President Trump responded Thursday morning on Twitter for the first time to his former lawyer Michael Cohen's sentencing to three years in prison for federal crimes, including hush-money payments made just before the 2016 election to two women who claimed they had affairs with Trump.
Federal prosecutors haven't directly accused Trump of a crime, and it's not clear under Justice Department protocol that they could bring any criminal charges against a sitting president.
Democratic U.S. Rep. Adam Schiff (@RepAdamSchiff), a Trump critic who's likely the incoming chairman of the House Intelligence Committee, says the DOJ's case for sending Cohen to prison also applies to Trump.
"What the Justice Department had to say about Michael Cohen is that while people out there in their everyday lives were participating in the political process by making phone calls or walking precincts or hanging door hangers on door knobs, the rich and powerful were operating by a different set of rules, and because of this, they needed to make an example of Michael Cohen," Schiff says. "That same argument applies with even greater force to the individual that was identified as coordinating and directing this scheme."
Also this week, the publisher of the National Enquirer — a longtime Trump supporter — agreed to tell prosecutors everything he knows about hush-money payments his company made for the Trump campaign to suppress a woman's story and prevent it from influencing the election.
On whether President Trump should be indicted
"I certainly think that if the Justice Department believes that what Michael Cohen did justifies his going to jail for a long time, that you cannot make the argument that somehow that doesn't apply to Donald Trump. ... I think every argument the Justice Department has made for putting Michael Cohen in jail applies to Donald Trump."
"The Justice Department has asserted the view that ... a fraudulent scheme that may have an influence on the outcome of that election, was coordinated and directed by the now-president of the United States."Rep. Adam Schiff (D-Calif.)
On the latest developments involving Cohen and the National Enquirer
"I think where we are is the Justice Department has asserted the view that a campaign finance violations scheme, a fraudulent scheme that may have an influence on the outcome of that election, was coordinated and directed by the now-president of the United States. That's a pretty startling conclusion.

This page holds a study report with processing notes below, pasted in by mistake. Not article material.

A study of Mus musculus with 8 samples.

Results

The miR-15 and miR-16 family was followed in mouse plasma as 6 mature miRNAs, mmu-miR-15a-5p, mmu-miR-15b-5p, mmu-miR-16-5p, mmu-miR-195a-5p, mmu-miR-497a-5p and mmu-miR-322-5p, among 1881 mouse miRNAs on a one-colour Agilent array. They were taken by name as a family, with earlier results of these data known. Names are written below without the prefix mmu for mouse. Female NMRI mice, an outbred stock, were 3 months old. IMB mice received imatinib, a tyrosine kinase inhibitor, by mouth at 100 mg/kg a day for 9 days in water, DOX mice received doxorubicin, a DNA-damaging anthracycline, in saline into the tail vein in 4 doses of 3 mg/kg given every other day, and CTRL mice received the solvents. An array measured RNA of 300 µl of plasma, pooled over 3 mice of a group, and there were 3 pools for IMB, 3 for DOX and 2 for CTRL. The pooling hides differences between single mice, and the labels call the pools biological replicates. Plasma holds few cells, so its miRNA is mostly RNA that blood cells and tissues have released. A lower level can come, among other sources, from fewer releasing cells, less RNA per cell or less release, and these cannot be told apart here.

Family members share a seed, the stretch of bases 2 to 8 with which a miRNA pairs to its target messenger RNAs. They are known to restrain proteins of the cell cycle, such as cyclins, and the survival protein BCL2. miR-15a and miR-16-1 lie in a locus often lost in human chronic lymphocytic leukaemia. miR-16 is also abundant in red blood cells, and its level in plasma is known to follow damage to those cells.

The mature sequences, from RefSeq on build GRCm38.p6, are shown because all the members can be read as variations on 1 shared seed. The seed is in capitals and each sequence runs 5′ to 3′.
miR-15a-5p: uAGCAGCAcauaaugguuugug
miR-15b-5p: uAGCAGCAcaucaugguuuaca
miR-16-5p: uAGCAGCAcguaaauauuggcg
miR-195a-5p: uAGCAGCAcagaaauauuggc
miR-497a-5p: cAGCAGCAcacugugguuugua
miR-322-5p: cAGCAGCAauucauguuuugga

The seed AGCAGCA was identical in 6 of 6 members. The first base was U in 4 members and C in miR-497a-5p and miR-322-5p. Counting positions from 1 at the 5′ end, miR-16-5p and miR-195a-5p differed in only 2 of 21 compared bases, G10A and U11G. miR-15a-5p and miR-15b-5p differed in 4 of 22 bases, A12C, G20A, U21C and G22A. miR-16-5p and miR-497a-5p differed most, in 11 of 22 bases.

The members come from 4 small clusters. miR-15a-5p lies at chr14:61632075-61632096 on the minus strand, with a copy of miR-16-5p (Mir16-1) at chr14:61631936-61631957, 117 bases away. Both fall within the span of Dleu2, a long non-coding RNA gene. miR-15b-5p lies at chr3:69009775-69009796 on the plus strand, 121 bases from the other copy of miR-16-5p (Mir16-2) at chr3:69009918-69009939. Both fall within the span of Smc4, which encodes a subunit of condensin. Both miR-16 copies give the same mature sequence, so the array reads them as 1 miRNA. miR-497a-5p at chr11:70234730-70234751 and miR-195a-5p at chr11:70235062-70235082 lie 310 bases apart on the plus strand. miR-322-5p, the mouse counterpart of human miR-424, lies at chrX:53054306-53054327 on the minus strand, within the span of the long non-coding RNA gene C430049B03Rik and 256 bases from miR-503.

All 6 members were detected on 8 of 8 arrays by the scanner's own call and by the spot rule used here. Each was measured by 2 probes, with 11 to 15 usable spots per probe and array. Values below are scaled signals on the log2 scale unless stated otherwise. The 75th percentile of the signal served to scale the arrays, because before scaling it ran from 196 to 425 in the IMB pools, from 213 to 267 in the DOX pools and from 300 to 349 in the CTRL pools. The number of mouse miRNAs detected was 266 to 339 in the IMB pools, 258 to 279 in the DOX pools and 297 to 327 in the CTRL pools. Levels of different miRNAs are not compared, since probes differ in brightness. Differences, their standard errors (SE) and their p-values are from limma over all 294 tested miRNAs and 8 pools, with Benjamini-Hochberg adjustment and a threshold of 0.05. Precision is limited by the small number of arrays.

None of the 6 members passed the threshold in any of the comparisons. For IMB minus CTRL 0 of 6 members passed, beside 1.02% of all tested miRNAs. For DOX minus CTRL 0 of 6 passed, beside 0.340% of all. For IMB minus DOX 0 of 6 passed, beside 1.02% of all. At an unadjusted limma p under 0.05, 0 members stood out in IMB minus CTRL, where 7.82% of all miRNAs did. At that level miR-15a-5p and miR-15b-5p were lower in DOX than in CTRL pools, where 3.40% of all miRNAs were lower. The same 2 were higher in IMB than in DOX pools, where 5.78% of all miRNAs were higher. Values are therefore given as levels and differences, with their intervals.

"But more than that, through the agreement with [American Media Inc.], the parent of the National Enquirer, it is no longer just Michael Cohen's word. It is the word of other witnesses as well, that not only were these payments made, not only was Individual 1, or Donald Trump, in the know, but that the principal purpose of these payments was influencing the election. Of course, that's key because that undercuts what Donald Trump is saying, that these payments had nothing to do with the election."
On the argument that these were private transactions, not illegal campaign contributions
"... There are ample witnesses and corroborating evidence that, along with the timing of this right on the eve of the election, it's quite clear exactly what the object was. And in terms of the president's comments, I think he's demonstrated time and time again you really can't rely on anything he has to say about this, because of course, he maintained for a long time that he knew nothing of these payments. And now we have heard recordings of him discussing these payments at the time of Michael Cohen. So he's not exactly a credible source on any of this."
On the idea that a sitting president can't be indicted
"There's no constitutional prohibition on indicting the sitting president. The Department of Justice, through its office of legal counsel, has opined in opinions which are not statutory or constitutional, they are merely the opinion of a lawyer at the Justice Department that that should not be done while the president is in office. But that conflicts in this circumstance with the potential that the statute of limitations may run on these serious crimes, and indeed crimes that may have helped him obtain office.
"It cannot be the policy of the Department of Justice that a president is above the law, or that if the president remains in office long enough, he can escape the jailer simply by duration in office. That can't be the policy of the Justice Department. I do think they may need to reconsider that policy. It may be they will want to wait and see whether this question is mooted if the president isn't re-elected and the statute of limitations is not an issue, then maybe it's a moot point. But I think the whole issue really needs to be ... re-examined by the Justice Department."
This segment aired on December 13, 2018.